This month’s edition has a bumper Net Work column, starting by looking at Facebook’s earliest start-up days. A toe-curling 2004 CNBC interview with Mark Zuckerberg is still online at https://www.youtube.com/watch?v=cUNX3azkZyk. I follow up by exploring how Facebook sees us adopting the ‘metaverse’, a world where everyone communicates in a virtual 3D environment. That might explain Facebook’s name-change to ‘Meta’. You can learn more about Meta’s visions, if you can spare an hour, by watching the Welcome PR video at https://www.facebook.com/watch/?v=282623437072819. As a sign of where things are heading, take a look and have fun building your own guest avatar at https://decentraland.org/.
Facebook’s namechange to ‘Meta’ also sees a drive towards adopting the ‘metaverse’ – or so they hope
A Privacy Checkup is a useful reminder of your data protection settings. Also choose ‘View As…’ option to see your Facebook pages as others (non-friends) would see it.
I also show this month how to run a Facebook privacy check-up on your account. One in six Brits surveyed by ThinkMoney had been scammed in Facebook Marketplace, says ThinkMoney at https://www.thinkmoney.co.uk/blog/the-facebook-marketplace-scams-you-didnt-know-about/.
All of this takes enormous networking and data processing power, and for any readers who might be interested, I wrote about the construction of Facebook’s first European data centre in Luleå, Sweden in Net Work, May 2016. It explained how an ‘ideal’ data centre would have an effective ‘Power Usage Effectiveness’ (PUE) of 1.0 (see https://en.wikipedia.org/wiki/Power_usage_effectiveness). Facebook has 37 million square feet of data centres around the world and is very proud of their ‘green’ credentials. A third data centre was due to come online in Sweden during 2021 and Facebook states that its global operations have now achieved ‘net zero’ using 100% renewable power, which is no mean feat. You can read more about Facebook’s data centres at https://datacenters.fb.com/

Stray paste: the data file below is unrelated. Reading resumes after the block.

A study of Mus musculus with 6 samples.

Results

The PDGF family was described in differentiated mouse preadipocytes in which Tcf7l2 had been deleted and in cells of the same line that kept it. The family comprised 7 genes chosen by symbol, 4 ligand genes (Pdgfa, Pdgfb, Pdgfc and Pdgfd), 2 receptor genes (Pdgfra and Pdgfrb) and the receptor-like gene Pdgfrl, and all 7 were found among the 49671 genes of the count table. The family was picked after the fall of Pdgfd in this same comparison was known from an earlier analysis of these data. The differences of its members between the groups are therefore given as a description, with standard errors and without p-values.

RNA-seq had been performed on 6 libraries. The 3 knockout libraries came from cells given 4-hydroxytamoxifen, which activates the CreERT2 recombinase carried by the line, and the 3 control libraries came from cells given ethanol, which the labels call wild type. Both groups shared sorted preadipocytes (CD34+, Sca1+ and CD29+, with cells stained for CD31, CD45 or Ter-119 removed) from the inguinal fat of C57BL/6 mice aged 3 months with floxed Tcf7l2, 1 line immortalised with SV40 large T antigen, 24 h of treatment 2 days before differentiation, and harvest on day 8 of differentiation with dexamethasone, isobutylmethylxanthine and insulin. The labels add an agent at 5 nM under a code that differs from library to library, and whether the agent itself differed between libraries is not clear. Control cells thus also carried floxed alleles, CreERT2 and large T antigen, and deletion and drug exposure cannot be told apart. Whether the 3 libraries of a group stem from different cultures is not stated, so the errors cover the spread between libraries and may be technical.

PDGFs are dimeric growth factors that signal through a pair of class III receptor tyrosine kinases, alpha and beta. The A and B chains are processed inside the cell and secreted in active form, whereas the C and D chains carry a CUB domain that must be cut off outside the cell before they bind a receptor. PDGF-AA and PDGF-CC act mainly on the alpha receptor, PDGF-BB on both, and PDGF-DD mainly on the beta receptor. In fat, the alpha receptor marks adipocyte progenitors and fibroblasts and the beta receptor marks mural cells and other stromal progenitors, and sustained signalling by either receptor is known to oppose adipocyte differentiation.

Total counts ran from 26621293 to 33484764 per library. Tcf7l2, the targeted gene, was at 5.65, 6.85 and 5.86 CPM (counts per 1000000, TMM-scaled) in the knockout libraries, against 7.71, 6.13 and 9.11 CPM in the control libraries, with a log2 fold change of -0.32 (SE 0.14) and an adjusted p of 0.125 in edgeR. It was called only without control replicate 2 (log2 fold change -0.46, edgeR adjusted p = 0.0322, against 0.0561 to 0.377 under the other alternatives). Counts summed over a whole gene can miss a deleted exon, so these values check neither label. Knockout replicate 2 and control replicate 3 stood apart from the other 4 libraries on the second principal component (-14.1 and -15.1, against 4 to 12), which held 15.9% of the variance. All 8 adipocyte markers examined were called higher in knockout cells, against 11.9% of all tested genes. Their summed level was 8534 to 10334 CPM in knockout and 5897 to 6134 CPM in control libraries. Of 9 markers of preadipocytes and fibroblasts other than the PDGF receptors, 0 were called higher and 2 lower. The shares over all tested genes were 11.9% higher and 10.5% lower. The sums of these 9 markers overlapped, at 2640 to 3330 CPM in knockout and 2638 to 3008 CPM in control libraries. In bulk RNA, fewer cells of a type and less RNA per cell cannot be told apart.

Net Work has covered the trends emerging in electric vehicles and this month’s column introduces the prototype EVs produced by no less than Sony. The practicality (or lack of it) of electric trucks is also discussed, with new trucks being showcased at January’s CES in Las Vegas. A Youtube video showcases Sony cars at https://youtu.be/P0cQQvvM5Qk.
Sony’s Vision S-02 concept EV (left) SUV and the earlier S-01 saloon (right) – Sony’s testbed for 5G and mobile telemetry might make it into production
Sony’s EV testing 5G in Germany in association with Vodafone
At CES 2022 American truck maker Kenworth exhibited their new electric semi (see https://www.kenworth.com/about-us/news/zero-emissions-kenworth-t680e-battery-electric-vehicle-debuts-at-2022-ces-in-las-vegas/)
I also mentioned developments in battery chemistry by Israeli firm StoreDot, who are working to produce Extreme Fast Charge (XFC) batteries that charge within 10 minutes, yet retain up to 80% of energy capacity after 850 cycles. Net Work speculates about the US small nuclear reactor (SMR) producer NuScale, which has set its sights on Europe, and I looked at a floating 75MW nuclear power station, in the shape of the Russian vessel Akademik Lomonosov, which is moored at the Arctic city of Pevek. The fascinating story of the Akademik Lomonosov can be found online at http://www.fnpp.info.
A floating Russian nuclear power station, the Akademik Lomonosov
Research and development continues in the field of Small Modular Reactors (SMRs) and China has also powered up its first SMR: According to the IAEA website, the Shidao Bay-1 200MW reactor has been ten years in the making and made its first grid connection on 20th December. More details are at https://en.wikipedia.org/wiki/Shidao_Bay_Nuclear_Power_Plant
Two more 18V ‘bare’ tools from the ever expanding Ryobi range – note the ‘hybrid’ (mains/ 18V battery) soldering station on the left is for 110V a.c. only and there’s no sign of a 230V versiona rriving in Europe. The hot melt glue gun on the right docks onto an 18V battery, where it heats up again and builds up sufficient heat to melt a whole glue stick (see https://youtu.be/X0Nd-va_lwg) in between charging.
Lastly this month, there’s the Dremel 8260 12V Li-ion tool which they claim is their most powerful yet. A Youtube promo video at https://youtu.be/HbO-nVvvYeA drove me to distraction, unfortunately. It lists at $169.99 but has yet to arrive in the UK or EU.
Read this month’s Net Work to learn more!